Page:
Clear No vote as treaty fails
THE LISBON Treaty has been emphatically rejected.
Taoiseach Brian Cowen was facing into a nightmare summer after voters turned the treaty down in all but four constituencies.
The news was met with astonishment in Brussels.
It led the euro to fall to its lowest in over a month against the dollar.
Commentators claimed the vote was as much a reaction to the current economic downturn as a rejection of the Lisbon Treaty.
“We believe people are upset are rising costs of food, mortgages and clothing. That we believe is as much a reason for today’s result as any public apathy towards Europe,” said one government minister.
European governments say there is no ‘Plan B’.
“If the Irish people decide to reject the treaty of Lisbon, naturally, there will be no treaty of Lisbon,” French Prime Minister Francois Fillon said yesterday.
In some areas, such as the hugely working-class Southill in Limerick, 84 per cent of people said rejected the treaty.
Tallymen and other observers said the pro-treaty vote appeared to be holding up only in Dublin's more middle-class districts.
But even there they said, the ‘yes’ votes were barely running neck and neck with the ‘nos’.
A ‘no’ result throws the 27-nation EU into diplomatic turmoil following the 2005 rejection by French and Dutch voters of the EU's proposed constitution. The Lisbon Treaty proposes many of the same reforms contained in that failed treaty.
All EU nations must approve the painstakingly negotiated pact for it to become law. Ireland is the only EU member country subjecting the Lisbon Treaty to a popular national vote.
All others are ratifying the document through their national governments.
“It’s a huge decision for this country,” said Labour TD and spokesman for justice Pat Rabbitte.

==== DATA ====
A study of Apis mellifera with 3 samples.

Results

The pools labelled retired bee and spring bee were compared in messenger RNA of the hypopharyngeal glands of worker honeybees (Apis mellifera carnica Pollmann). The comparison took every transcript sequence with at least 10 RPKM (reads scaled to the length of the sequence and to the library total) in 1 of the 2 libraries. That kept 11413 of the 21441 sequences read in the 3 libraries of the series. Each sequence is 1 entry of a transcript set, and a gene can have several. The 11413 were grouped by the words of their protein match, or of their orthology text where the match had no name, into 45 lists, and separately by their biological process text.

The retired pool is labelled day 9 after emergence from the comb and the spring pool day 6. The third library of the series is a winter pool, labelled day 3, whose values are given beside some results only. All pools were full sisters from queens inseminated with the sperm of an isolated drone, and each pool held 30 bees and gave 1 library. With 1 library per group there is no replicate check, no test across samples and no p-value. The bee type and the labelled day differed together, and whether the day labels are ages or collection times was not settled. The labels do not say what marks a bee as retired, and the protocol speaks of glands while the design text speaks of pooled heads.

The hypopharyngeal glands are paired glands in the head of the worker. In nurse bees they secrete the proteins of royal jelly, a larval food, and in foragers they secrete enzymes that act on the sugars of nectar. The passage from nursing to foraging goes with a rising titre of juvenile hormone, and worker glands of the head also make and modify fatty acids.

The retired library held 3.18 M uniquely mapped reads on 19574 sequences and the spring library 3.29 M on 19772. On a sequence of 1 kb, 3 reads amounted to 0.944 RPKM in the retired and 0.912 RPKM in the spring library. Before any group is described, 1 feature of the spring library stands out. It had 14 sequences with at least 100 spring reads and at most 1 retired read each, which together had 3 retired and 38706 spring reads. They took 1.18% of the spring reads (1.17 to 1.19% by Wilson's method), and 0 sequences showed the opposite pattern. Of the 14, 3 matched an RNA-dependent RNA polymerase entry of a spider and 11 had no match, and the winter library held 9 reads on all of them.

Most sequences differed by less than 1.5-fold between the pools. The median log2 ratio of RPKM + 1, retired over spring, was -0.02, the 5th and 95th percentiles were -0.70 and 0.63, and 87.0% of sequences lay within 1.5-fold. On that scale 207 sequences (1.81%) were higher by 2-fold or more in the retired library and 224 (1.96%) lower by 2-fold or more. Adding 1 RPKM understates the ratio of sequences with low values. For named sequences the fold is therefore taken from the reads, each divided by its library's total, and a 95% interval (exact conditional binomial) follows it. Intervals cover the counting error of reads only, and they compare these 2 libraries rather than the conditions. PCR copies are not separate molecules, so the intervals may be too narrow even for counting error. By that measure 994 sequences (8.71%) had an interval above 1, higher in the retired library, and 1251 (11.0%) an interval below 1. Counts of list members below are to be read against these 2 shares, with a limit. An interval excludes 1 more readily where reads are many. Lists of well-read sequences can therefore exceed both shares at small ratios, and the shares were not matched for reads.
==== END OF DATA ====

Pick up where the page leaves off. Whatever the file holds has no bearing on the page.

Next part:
“One has to respect the decision of the people.”
The treaty, intended to make the EU stronger and more effective, had the backing of all the main political parties in Ireland, a country that has prospered from its EU membership.
But while Ireland ranks in surveys as one of the EU's most pro-European states, opponents have argued strongly that the treaty reduces small countries' clout and gives Brussels new foreign and defence policy powers that undermine Ireland's historic neutrality.
The treaty envisages a long-term president of the European Council of EU leaders, a stronger foreign policy chief and a mutual defence pact, and changes the rules for decision making.
Fourteen countries have already ratified the treaty in their national parliaments. The treaty was due to come into force on January 1 if it was ratified by all the nations.
Former British Labour TD Tony Benn said today: “I hope that Irish voters don’t underestimate the impact of their vote.
“As a British person I feel my freedom is in the hands of Ireland. That’s a turn up for the books,” said Benn.
“Even before the debate started, when I was out at farmers’ meetings, I detected a very negative view,” said Ireland East MEP Mairead McGuinness.